Government orders 10m antibody tests for frontline staff
Tests hailed as “game-changing” in the fight against coronavirus will be rolled out to frontline staff starting from next week as Yorkshire was identified as one area preparing for local measures to tackle a potential second wave of the virus.
Health Secretary Matt Hancock announced today that the Government had agreed a deal with pharmaceutical firms Roche and Abbott for more than 10m antibody tests, which will first be rolled out to health and social care staff as well as patients and care home residents.
It remains unclear what level of immunity people develop once they have had Covid-19, but experts hope a degree of immunity lasts for at least a year or two.
Mr Hancock said: “This is an important milestone and it represents further progress in our national testing programme.”
Data gathered from an antibody surveillance study led by the Office for National Statistics (ONS) suggests 17 per cent of people in London and around five per cent in England have tested positive for antibodies to coronavirus.
It comes after it was reported that Leeds would be one of 10 areas where plans were being developed to cope with a potential resurgence of the disease.
It is understood the pilots would not be of the full track and trace system but instead the local support that would be needed should there be a spike in cases in specific areas.
The Government has previously said that an outbreak in a particular area could lead to lockdown measures being imposed on a stricter basis in different regions.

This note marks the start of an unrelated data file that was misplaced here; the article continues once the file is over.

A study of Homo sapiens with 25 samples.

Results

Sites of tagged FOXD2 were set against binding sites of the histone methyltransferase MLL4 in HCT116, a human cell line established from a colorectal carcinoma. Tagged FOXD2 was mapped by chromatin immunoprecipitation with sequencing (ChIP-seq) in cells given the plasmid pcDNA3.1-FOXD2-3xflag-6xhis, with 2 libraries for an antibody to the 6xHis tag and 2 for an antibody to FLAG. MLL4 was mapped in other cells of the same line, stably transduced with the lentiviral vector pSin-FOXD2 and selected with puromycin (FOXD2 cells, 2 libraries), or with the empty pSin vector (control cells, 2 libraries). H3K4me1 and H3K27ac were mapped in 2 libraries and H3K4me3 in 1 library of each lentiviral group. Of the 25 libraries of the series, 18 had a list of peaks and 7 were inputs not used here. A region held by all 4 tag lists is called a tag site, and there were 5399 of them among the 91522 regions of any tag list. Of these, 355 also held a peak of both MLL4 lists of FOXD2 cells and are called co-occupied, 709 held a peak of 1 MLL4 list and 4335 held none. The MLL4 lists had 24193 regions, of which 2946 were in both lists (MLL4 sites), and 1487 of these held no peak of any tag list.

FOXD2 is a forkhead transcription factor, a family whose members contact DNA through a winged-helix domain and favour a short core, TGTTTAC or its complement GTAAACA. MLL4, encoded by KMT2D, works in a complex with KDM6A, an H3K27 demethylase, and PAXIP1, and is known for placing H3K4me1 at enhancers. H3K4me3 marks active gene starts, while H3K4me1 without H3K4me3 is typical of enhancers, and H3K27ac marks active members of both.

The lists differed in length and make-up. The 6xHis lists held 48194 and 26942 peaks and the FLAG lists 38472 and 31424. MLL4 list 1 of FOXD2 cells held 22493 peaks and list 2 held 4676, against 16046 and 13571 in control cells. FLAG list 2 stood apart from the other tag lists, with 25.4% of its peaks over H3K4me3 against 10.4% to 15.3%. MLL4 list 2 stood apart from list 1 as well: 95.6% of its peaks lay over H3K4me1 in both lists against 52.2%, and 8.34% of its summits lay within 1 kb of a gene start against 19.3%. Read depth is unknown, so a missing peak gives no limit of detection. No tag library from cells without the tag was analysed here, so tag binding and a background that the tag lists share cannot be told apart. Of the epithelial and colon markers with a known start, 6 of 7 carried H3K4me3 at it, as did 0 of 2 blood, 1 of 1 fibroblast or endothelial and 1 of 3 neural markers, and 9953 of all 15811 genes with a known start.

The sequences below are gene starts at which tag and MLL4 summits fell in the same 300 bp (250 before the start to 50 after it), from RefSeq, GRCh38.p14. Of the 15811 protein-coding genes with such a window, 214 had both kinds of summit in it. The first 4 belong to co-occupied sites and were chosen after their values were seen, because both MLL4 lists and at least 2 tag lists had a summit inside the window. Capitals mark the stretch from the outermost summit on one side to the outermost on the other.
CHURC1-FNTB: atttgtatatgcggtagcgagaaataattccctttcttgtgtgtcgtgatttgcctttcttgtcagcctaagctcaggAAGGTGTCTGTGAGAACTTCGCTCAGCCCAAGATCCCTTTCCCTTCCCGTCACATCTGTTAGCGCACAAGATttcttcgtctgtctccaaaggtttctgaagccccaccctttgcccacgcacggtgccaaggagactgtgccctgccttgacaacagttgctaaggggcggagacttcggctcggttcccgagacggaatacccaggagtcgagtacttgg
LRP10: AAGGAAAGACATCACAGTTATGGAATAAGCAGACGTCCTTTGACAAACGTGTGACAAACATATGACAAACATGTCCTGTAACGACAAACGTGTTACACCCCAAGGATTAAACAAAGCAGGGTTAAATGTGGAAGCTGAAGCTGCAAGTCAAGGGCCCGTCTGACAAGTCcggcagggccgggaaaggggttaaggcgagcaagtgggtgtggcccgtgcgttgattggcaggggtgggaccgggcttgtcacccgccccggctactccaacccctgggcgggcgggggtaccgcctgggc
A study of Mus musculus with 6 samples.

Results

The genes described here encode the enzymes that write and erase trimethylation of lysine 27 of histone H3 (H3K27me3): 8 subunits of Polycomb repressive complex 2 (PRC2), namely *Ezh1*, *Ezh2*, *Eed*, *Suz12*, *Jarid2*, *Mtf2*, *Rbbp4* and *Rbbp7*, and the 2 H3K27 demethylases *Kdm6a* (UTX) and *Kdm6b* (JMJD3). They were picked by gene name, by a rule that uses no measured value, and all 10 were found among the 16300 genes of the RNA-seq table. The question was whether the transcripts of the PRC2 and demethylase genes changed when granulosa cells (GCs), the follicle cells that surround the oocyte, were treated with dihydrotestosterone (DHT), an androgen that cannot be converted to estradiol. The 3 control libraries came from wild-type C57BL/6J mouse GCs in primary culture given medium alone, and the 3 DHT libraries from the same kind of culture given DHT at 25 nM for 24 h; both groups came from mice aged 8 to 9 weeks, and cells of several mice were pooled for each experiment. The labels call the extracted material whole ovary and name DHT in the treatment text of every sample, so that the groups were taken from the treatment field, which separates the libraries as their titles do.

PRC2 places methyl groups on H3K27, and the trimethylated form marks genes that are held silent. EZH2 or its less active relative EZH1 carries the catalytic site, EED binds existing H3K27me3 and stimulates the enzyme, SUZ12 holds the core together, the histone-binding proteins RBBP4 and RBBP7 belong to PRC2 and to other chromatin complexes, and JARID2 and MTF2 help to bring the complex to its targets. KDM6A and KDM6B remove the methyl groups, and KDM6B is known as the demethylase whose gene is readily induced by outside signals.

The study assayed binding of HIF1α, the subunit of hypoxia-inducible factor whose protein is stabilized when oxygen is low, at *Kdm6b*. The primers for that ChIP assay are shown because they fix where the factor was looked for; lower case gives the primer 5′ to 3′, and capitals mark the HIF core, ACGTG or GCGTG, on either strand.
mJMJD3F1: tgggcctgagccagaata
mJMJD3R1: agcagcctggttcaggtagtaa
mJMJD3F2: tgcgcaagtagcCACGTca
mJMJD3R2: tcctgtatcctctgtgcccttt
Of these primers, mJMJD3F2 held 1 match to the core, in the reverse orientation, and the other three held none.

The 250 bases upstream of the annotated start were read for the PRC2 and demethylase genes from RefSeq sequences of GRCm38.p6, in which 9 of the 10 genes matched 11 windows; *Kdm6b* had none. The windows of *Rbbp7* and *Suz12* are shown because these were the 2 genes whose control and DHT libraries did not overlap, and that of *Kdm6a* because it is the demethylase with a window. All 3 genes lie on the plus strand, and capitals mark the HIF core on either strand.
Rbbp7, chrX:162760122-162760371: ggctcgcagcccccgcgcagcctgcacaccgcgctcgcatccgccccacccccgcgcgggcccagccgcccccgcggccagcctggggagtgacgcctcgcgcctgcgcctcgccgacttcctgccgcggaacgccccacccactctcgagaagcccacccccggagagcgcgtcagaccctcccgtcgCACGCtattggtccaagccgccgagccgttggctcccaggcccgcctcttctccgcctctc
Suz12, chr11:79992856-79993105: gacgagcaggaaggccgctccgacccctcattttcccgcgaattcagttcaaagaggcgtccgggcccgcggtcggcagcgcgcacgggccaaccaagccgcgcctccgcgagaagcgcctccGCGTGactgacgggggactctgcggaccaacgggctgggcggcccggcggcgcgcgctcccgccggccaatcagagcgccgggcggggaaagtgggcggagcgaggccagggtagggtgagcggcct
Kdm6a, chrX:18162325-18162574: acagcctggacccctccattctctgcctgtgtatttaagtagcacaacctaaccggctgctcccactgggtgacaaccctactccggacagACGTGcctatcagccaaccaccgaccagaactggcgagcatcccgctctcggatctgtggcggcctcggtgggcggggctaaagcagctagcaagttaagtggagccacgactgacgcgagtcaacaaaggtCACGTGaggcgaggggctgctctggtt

Mr Hancock also announced a trial of a rapid 20-minute test to tell people if they currently have Covid-19 following criticisms that people have been waiting days or weeks for test results.
A&E departments, GP testing hubs and care homes in Hampshire will all trial the new test, which will be used on up to 4,000 people.
He also said for those who had developed antibodies, certification systems will be developed.
Mr Hancock told the daily Downing Street briefing: “It’s not just about the clinical advances that these tests can bring.
“It’s that knowing that you have these antibodies will help us to understand more in the future if you are at lower risk of catching coronavirus, of dying from coronavirus and of transmitting coronavirus.
“We’re developing this critical science to know the impact of a positive antibody test and to develop the systems of certification to ensure people who have positive antibodies can be given assurances of what they can safely do.”
A further 338 deaths were recorded today in those who had tested positive for coronavirus, with 27 in Yorkshire.
It brings the national death toll to 36,042, 2,356 in Yorkshire.
But England’s chief medical officer Professor Chris Whitty told the briefing the total number of deaths from all causes was now down to the rate in an average winter.
Prof Whitty also said care home deaths have peaked and have now come down.
Meanwhile Mr Hancock sought to play down the importance of the delayed app in the contact tracing process.
He had originally said the app would be rolled out by mid-May but it has now been delayed by several weeks.
The Government is aiming for 25,000 human contact tracers to be in place for June 1.
Mr Hancock said: “The technology is an important part, but it is not the only part.”